When the police keep records of the times and places where our cars have been spotted by an automatic license plate reader, does that implicate our privacy? That question lay behind an important victory that the ACLU won on Thursday in the Virginia Supreme Court.
It might seem obvious that license plate data threatens our privacy. Automatic license plate readers (ALPRs) have the ability to capture location data that can reveal details about Americans’ religious, sexual, political, medical, and associational activities. Yet we have seen repeated efforts around the country to claim that license place information does not constitute “personally identifiable information” and so is not worthy of the kind of privacy protection that such information deserves.
The Virginia case involved a challenge to the collection of ALPR data under a Virginia privacy law called the “Government Data Collection and Dissemination Act,” which says that personal information “shall not be collected” by state agencies “unless the need for it has been clearly established in advance.” The Virginia court ruled that police license plate data collection is not exempt from the requirements of this law.
In 2013, the (conservative) former Virginia attorney general Ken Cuccinelli issued a strong official advisory opinion stating that under the law, “active” use of an ALPR to identify vehicles that were already involved in wrongdoing was permissible, but that “passive” use of the devices to sweep up raw location data about Virginia residents was not permissible. Nevertheless, in 2014 Harrison Neal, a Virginia resident, found that the Fairfax County Police Department was doing just that, and asked the ACLU of Virginia to file suit challenging the practice on his behalf.
One of the arguments that the Fairfax County police made in its defense was that a “license plate number is not personal information.” The department argued that a license plate tag is associated with a vehicle, not with a person, and a vehicle can be driven by multiple people. A plate number, it argued, “says absolutely nothing about an individual, his personal characteristics… or his membership in an organization.” It argued that its ALPR equipment does not “photograph or otherwise identify the owner or driver of the vehicle,” and that its ALPR database can only be searched by plate number.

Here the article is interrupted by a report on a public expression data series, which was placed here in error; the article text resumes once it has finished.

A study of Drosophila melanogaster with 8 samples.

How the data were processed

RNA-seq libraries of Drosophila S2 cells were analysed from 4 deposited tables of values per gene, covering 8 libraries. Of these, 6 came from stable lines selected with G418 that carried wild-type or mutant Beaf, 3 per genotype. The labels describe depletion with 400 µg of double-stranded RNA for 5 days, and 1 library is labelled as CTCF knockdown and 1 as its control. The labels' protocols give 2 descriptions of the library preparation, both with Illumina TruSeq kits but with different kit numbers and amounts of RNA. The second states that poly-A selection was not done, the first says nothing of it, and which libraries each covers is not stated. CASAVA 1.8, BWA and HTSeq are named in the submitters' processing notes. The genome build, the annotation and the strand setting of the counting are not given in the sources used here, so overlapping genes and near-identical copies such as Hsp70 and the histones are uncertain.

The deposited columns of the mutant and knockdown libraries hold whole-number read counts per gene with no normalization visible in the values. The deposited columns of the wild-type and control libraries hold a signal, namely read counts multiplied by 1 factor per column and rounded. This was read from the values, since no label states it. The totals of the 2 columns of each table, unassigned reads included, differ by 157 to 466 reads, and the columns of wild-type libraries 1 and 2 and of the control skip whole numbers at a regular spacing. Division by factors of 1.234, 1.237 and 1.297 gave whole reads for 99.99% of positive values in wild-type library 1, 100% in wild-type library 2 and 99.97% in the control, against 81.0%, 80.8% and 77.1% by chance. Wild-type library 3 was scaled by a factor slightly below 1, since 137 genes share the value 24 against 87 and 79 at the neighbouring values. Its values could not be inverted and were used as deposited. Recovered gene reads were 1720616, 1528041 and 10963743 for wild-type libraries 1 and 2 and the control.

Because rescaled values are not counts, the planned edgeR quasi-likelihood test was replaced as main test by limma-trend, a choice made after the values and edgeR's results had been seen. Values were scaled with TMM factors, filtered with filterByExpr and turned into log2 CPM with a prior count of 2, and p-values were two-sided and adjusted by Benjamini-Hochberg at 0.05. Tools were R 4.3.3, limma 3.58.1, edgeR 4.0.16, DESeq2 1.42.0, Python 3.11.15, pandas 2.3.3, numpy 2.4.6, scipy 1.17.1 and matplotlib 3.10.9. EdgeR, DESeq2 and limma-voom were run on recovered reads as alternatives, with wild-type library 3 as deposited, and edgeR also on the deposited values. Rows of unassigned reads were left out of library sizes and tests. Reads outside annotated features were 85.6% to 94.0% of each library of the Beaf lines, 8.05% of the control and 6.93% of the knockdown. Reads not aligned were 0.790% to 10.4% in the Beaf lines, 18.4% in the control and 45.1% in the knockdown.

But obviously a license plate number should be considered personally identifying information. While in some ridiculously literal sense it may not describe a person, it functions as an effective “index” that allows law enforcement to learn facts (and potentially very intimate ones) about a person with the click of a mouse. There are 268 million registered vehicles in the United States, but only 221 million licensed drivers, which strongly supports the common sense observation that most vehicles, most of the time, are driven by the same person, or at most a handful of family members. Even if there is some fuzziness at the margins about who exactly may have been driving a car in a particular instance, there is a strong assumption that it was the vehicle’s registered owner. Most people do not loan out their cars often, if ever. Even when it comes to corporate vehicle fleets, a plate number and time of day combined with a fleet owner’s records is probably enough to identify a driver.
Nor does the police department’s argument hold any weight that the ALPR database itself does not contain names or other personally identifiable information. The department pretends that databases exist in isolation, rather than being distributed across increasingly cross-referenced and interlinked sets of data. In fact, the Virginia Supreme Court could not find information in the record about how the police can link plate numbers with vehicle owners, so in its ruling it sent the case back to the lower court for fact-finding on that question. But is there any doubt that if the police want to identify the owner of a vehicle captured by an ALPR device, they can easily do so?
Virginia’s data act defines “personal information” as including “all information that… affords a basis for inferring personal characteristics.” It’s becoming easier and easier to connect separate sets of data about people, and data scientists are getting increasingly good at inferring things through fancy analytic techniques. So it’s good that Virginia’s privacy law includes that language, because hidden inferences will likely become an ever-growing threat to privacy.
But no sophisticated analytics are necessary to cross-reference “vehicle location data” and “registered vehicle owner” datasets, or to understand that license plate location data is “personally identifiable” and a threat to privacy. The fact that the Fairfax County police made these arguments is a reminder that law enforcement and security agencies will push the interpretive flexibility of language past its limits when they want to preserve their power — something we’ve also seen with the National Security Agency. Drafters of privacy-protecting rules everywhere, take notice.